Common Reasons People Don’t Seek Treatment

Some estimates report that globally, more than 70% of people with mental illness do not receive treatment. While there are a number of factors believed to be responsible for this phenomenon, this article aims to explore an individual’s responsibility to seek treatment, and the barriers or maladaptive thoughts that often get in the way.

1) “What will others say?”

Some of the most common reasons that individuals do not seek help is due to fear and shame regarding others’ evaluations of them, and their emotions getting in the way. It is by definition, a vulnerable process to admit that you need help, and many people still feel as though there is a stigma in our society associated with having a mental illness.

In some ways, this is still a legitimate concern, as being diagnosed with a disorder and receiving medication has the potential to negatively impact one’s life goals, such as their career, education, or military aspirations. However, often times these concerns are mitigated by the assistance they do receive through support from therapists and mental health professionals, in learning to beat their addictions, and manage their symptoms in healthy and adaptive ways.

2) “Treatment is for other people, not me.

In today’s society, people generally appear to be becoming more and more accepting of others’ mental illness, and their need to seek help. However, a barrier remains in one’s acceptance of their own need for help. While they may champion mental health causes for others, they themselves don’t want to appear weak, incompetent, or unable to care for themselves, let alone “mentally ill”, “crazy”, or even “addict”.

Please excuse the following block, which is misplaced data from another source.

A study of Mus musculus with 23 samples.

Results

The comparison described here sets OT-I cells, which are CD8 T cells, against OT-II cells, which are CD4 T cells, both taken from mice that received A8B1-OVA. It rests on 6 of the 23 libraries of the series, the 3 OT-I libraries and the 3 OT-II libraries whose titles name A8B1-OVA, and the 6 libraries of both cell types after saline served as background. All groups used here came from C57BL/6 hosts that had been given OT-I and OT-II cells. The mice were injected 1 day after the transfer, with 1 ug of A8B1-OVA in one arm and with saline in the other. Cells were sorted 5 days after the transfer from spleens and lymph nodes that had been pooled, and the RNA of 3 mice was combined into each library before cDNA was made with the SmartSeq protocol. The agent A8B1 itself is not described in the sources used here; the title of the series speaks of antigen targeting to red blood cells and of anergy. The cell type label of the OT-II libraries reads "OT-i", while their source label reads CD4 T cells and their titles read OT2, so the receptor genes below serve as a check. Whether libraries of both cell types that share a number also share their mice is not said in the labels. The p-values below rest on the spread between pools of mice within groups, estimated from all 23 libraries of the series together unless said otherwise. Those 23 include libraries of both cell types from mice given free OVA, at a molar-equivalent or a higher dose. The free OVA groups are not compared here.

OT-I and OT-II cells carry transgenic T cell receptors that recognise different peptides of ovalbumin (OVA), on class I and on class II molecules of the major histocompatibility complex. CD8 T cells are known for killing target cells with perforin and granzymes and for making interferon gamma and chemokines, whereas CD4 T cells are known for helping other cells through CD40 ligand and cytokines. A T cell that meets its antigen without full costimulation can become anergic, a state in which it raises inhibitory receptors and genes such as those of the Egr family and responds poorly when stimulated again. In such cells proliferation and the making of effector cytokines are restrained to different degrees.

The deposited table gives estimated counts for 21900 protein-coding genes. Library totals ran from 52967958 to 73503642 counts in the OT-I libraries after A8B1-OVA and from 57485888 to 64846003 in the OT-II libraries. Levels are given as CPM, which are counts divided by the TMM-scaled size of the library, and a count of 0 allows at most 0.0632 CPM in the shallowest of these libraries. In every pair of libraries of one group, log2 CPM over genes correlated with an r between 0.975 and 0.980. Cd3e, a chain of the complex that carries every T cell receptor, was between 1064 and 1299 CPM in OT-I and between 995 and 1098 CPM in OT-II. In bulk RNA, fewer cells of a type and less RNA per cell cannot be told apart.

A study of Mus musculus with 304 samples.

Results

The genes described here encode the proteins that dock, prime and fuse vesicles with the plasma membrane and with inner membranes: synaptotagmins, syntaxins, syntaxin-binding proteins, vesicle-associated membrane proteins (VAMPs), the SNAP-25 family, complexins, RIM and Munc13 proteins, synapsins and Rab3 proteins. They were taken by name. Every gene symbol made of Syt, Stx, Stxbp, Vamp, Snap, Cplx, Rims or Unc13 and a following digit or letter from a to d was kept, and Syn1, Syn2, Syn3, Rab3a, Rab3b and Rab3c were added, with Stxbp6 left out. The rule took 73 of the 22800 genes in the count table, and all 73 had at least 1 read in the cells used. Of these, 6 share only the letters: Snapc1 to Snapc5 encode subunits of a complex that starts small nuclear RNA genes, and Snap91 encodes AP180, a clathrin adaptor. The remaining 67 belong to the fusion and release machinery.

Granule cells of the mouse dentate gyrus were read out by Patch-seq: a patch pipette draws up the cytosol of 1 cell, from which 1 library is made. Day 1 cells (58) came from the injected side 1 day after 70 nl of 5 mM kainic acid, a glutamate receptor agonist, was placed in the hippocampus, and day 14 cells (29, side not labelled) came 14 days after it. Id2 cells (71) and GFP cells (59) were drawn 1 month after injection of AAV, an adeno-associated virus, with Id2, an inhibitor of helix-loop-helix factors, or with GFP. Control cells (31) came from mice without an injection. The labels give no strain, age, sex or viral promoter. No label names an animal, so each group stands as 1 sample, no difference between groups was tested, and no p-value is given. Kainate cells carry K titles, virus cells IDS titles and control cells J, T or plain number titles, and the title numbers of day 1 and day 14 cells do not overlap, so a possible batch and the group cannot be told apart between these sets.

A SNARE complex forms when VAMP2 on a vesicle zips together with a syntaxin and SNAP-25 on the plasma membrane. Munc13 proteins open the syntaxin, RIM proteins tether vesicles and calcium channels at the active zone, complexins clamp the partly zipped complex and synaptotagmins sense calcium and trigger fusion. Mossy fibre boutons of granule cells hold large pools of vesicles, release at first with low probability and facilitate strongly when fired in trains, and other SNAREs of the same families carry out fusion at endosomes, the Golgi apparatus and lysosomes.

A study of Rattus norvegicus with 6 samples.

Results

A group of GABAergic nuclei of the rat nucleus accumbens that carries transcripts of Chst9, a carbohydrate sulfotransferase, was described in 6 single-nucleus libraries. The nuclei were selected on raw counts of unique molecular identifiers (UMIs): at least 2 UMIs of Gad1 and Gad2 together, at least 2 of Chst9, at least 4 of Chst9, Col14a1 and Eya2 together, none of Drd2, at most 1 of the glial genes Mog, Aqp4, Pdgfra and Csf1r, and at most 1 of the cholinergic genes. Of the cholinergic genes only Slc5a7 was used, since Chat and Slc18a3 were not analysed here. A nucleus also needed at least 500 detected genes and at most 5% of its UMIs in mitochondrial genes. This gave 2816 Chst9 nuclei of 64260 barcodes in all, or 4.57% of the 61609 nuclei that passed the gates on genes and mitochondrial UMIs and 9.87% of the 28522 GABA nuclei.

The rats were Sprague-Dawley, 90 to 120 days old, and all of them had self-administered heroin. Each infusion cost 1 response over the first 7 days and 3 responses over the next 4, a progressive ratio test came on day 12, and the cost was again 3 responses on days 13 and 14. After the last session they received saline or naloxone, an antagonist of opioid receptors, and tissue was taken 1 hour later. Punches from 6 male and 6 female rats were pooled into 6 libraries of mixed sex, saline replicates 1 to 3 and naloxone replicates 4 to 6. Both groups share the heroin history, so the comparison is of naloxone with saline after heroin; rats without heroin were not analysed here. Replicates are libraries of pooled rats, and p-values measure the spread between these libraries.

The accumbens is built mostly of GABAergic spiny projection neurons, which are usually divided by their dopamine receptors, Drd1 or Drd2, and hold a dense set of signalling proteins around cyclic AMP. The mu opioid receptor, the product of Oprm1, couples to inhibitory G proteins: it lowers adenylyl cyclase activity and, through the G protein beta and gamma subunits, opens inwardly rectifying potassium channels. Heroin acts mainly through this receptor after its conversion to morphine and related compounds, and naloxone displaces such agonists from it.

They may believe the lie that they are inadequate or a failure in admitting that something is “wrong” with their mental health and with their ability to cope with life’s challenges. Additionally, they also end up falling into the trap of believing that they “should be able to handle things” on their own without assistance and feel that it is shameful to have to ask for help.

3) “I can do it on my own.”

Still, others may feel as if they don’t have a clear idea about what constitutes an actual mental health condition, and are convinced that they already have all the tools to handle the situation (some call this denial). Sure, some anxiety and guilt can be adaptive and carry important lessons about who you do and do not want to be, but only when paired with a healthy amount of insight. A lack of self-awareness and self-discipline can lead you down a dangerous path towards misguided self-medication. Enter high-risk behaviors like substance use, binge-drinking, and self-injury; anything to numb the emotions.

Minimization of symptoms and a lack of knowledge are the enemy of someone being able to seek out and receive the help that they need. The answer is education. Get to know the signs and symptoms that may indicate that something more severe is going on, or talk with someone trusted who may be able to provide some feedback on your behavior as of late. 

4) “I am a lost cause, nothing will help.”

Still, others will lean the opposite way regarding their thoughts towards treatment, and believe that  “nothing will help me” or “I’ll never get better.” Often times these thoughts are born out of one’s experience with depression, or mistrust and concerns about revealing themselves to a “stranger” These typically represent some of the greatest barriers to change, as treatment providers and therapists alike recognize that harnessing one’s willpower and being honest about one’s experience, are perhaps the largest catalyst to change.

As before, education is again the answer, as there are a number of treatment options available. For those caught up in addictive patterns, detox is often the first step.